Does telling lies make you more creative?
Lots of us tell little white lies, but are we’re just being creative with the truth…?
Ever exaggerated on your CV, or embellished anecdotes? Lots of us do, but surely we’re just being creative with the truth…? Indeed, it may be reasonable for fibbers to paint themselves as artistic, as US psychologists have now shown that lying boosts creativity.
To probe the relationship between dishonesty and creativity, the researchers carried out a two-part experiment. First, participants were given the chance to cheat at a task. For example, in one test people saw groups of numbers and had to pick two numbers adding to 10. They were rewarded for how quickly they did this, and reported their own scores – giving them the opportunity to lie. However, the scientists also knew the real results.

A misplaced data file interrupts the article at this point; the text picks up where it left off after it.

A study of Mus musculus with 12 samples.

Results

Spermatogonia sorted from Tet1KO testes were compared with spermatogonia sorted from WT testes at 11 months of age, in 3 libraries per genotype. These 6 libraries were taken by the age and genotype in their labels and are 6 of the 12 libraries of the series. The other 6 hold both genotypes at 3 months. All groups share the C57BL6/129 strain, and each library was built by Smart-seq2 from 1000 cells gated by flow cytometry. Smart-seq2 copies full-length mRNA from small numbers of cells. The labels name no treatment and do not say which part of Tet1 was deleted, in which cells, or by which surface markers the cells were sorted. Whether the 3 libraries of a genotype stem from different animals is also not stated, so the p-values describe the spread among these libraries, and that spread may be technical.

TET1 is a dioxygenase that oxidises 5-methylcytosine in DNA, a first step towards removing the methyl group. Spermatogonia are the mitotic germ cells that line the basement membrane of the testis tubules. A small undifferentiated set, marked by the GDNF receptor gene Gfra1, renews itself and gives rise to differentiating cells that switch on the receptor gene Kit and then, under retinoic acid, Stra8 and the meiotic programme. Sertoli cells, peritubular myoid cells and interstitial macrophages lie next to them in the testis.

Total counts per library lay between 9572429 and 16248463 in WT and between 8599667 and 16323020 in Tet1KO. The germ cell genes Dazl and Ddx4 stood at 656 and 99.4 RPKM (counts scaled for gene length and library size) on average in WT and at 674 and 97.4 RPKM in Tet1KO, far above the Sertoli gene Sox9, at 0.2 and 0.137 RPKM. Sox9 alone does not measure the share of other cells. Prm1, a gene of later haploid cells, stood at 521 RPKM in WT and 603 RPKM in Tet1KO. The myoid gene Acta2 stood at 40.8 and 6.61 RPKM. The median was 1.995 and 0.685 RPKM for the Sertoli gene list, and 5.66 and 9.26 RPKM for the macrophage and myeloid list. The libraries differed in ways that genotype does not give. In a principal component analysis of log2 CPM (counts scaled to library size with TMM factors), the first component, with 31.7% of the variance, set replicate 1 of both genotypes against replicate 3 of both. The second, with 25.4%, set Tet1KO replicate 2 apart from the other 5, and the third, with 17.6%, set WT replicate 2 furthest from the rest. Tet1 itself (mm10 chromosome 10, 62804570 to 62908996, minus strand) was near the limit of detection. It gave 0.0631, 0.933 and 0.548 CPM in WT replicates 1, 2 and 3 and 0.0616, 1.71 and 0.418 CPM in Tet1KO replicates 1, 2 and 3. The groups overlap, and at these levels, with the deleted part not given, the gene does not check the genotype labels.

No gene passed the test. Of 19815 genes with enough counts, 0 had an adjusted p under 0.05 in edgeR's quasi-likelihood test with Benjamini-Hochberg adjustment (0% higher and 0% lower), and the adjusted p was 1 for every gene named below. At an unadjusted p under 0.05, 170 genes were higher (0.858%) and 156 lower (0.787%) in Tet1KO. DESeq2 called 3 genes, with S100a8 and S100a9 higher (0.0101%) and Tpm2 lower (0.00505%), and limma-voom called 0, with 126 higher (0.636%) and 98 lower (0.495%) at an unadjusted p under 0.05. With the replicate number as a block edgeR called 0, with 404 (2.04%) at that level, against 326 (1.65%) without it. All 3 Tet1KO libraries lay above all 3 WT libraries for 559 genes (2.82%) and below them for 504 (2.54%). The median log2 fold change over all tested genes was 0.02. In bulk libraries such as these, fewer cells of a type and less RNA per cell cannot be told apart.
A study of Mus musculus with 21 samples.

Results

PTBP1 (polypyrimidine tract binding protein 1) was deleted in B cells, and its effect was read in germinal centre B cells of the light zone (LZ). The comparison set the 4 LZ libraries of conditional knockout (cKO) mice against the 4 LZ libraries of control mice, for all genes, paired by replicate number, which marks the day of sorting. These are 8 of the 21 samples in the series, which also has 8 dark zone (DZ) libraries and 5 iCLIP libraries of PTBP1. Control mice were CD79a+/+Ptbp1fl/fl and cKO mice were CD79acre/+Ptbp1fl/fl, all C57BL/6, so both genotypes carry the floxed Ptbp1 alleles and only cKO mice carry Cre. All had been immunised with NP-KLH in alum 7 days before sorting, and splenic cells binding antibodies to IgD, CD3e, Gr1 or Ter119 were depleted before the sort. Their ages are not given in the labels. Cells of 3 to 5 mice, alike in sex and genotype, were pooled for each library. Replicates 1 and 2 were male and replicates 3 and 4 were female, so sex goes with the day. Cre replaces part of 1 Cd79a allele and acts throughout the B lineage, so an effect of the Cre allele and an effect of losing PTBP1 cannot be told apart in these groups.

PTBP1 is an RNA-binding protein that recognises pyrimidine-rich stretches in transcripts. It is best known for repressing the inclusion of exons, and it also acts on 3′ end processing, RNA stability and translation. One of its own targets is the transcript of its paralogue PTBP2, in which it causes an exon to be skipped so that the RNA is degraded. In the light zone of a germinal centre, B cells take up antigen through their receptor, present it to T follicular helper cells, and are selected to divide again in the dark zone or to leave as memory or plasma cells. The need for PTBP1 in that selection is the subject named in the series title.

Next, their creativity was measured. The participants received sets of three words (e.g. falling, actor, dust) and had to determine the fourth word (e.g. star) linked to the other three. This task assessed creativity, as it highlighted someone’s ability to identify related ideas.
Nearly 59% of partakers exaggerated their mathematical prowess. The tricksters also appeared to be better creative thinkers, scoring higher on the word task than their truthful peers.
The researchers suggest that allowing people to flout regulations and cheat may boost their creativity. "The common saying that 'rules are meant to be broken' is at the root of both creative performance and dishonest behaviour," says Dr Francesca Gino of Harvard Business School. "Both creativity and dishonesty, in fact, involve rule breaking."
So, it seems that deceitfulness may activate your imagination! But don’t forget – an artful lie can never beat the truth.